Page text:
Today we looked at the gluLookAt function and at producing shadows in OpenGL.

The gluLookAt function provides an alternative to glTranslatef and glRotatef sequences for positioning the camera. It does not, however, change the "lens" (or projection matrix) used. Here's the documentation:



gluLookAt -- define a viewing transformation


void gluLookAt(GLdouble eyex,
GLdouble eyey,
GLdouble eyez,
GLdouble centerx,
GLdouble centery,
GLdouble centerz,
GLdouble upx,
GLdouble upy,
GLdouble upz)


eyex, eyey, eyez
Specifies the position of the eye point.
, centery, centerz
Specifies the position of the reference point.
, upy, upz
Specifies the direction of the up vector.


gluLookAt creates a viewing matrix derived from an eye point, a reference point indicating the center of the scene, and an up vector. The matrix maps the reference point to the negative z axis and the eye point to the origin, so that, when a typical projection matrix is used, the center of the scene maps to the center of the viewport. Similarly, the direction described by the up vector projected onto the viewing plane is mapped to the positive y axis so that it points upward in the viewport. The up vector must not be parallel to the line of sight from the eye to the reference point.

The matrix generated by gluLookAt postmultiplies the current matrix.

You should be able to convert gluLookAt to equivalent glTranslatef and glRotatef transformations, and vice versa. For example, if we want to view the cube bounded by (0,0,0) and (1,1,1) along it's main diagonal from a distance of 5 units from the origin, we could say:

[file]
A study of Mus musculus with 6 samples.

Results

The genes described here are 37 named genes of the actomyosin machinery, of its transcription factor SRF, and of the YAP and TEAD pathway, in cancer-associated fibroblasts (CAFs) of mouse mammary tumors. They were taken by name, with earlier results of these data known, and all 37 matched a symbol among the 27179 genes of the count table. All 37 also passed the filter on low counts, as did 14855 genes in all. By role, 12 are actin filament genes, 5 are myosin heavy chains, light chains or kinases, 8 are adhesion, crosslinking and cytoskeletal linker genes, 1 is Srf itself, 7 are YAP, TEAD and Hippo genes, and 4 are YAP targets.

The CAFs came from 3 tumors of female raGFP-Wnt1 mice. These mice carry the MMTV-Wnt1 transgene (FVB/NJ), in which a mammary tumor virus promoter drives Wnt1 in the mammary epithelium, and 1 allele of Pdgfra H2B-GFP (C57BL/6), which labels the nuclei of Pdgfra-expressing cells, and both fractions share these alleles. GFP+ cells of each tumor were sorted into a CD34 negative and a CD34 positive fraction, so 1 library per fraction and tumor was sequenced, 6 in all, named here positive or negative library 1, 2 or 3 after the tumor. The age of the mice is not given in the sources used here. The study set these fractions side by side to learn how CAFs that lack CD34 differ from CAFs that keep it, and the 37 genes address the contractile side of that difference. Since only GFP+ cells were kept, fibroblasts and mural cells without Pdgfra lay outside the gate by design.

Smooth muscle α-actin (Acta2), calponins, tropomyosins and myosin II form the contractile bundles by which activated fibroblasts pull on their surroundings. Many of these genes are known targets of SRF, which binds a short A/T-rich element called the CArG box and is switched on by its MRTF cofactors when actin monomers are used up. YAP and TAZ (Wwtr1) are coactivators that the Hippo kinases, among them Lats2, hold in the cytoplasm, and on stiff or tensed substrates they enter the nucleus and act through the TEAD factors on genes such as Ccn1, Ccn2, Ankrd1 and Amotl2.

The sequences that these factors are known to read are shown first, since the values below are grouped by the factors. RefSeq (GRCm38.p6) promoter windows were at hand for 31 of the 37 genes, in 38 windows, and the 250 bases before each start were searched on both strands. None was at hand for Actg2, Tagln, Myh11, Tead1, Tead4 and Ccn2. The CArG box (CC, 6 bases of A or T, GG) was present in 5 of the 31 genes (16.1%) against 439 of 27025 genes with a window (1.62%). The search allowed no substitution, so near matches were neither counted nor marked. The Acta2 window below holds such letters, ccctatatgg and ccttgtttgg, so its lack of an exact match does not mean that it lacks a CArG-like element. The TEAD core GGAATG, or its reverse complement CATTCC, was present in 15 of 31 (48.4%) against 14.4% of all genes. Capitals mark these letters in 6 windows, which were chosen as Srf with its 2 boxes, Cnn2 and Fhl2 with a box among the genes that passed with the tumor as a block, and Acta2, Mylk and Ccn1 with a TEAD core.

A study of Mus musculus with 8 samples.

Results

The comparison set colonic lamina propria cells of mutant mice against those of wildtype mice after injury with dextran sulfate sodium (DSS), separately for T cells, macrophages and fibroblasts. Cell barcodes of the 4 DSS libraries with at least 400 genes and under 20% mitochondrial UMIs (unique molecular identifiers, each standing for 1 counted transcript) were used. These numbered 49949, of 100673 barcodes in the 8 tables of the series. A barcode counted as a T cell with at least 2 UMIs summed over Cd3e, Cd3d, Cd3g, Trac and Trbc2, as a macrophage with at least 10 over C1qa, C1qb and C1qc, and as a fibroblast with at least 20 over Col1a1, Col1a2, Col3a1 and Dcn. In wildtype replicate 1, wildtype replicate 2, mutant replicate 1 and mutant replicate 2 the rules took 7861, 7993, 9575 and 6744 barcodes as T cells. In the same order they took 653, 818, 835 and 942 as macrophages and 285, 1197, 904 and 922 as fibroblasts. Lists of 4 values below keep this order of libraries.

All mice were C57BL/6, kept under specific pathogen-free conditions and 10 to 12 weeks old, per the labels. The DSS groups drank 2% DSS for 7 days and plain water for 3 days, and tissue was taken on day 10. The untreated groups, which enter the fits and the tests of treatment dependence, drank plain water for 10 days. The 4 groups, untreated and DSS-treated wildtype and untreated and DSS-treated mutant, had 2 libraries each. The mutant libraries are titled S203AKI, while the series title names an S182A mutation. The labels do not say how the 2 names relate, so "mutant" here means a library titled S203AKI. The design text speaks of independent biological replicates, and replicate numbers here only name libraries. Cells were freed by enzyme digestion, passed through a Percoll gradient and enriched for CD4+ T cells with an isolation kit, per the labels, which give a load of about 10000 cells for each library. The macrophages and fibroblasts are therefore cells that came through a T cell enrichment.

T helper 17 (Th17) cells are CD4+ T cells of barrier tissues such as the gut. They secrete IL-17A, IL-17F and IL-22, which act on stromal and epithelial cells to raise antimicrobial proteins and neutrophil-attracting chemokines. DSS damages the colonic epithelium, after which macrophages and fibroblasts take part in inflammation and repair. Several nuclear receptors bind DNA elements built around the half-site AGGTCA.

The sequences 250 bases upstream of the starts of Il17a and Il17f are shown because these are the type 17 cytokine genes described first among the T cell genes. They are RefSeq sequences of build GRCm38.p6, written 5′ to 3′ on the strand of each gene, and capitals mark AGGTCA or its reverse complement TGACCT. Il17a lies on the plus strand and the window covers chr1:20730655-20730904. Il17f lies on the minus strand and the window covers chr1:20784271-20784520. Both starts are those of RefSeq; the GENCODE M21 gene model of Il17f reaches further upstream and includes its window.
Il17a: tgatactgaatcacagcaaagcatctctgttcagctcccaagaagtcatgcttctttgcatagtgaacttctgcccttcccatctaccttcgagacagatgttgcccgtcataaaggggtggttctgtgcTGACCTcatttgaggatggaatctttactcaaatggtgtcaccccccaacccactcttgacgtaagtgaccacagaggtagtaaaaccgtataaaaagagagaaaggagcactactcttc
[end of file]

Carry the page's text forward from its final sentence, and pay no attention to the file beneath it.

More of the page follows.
glRotatef(35.2,1,0,0); //35.2 is acos(sqrt(2)/sqrt(3)) in degrees

or equivalently


The value 35.2 is the angle with a cosine of sqrt(2)/sqrt(3), which is the ration of the projection of the main diagonal into the x-z plane to the main diagonal. To determine x, we must have x*x + x*x +x*x = 5*5, or x = 5/sqrt(3).

A good quiz or exam question!

Next we looked at shadows. A shadow is just another projection (parallel for distant light sources such as the sun, otherwise perspective). One strategy is to create an image of an object entirely in black from a certain vantage point. Then clear the depth buffer


change the vantage point, then draw the object in its proper colors. Clearing the depth buffer essentially makes every point in the image "infinitely" far away. When we draw new points, they will always win the depth contest. This will put the shadow behind the object.

I haven't mastered the projections necessary for realistic shadows, but here's an example I produced with the above strategy:

Please read through section 5.5 in our text.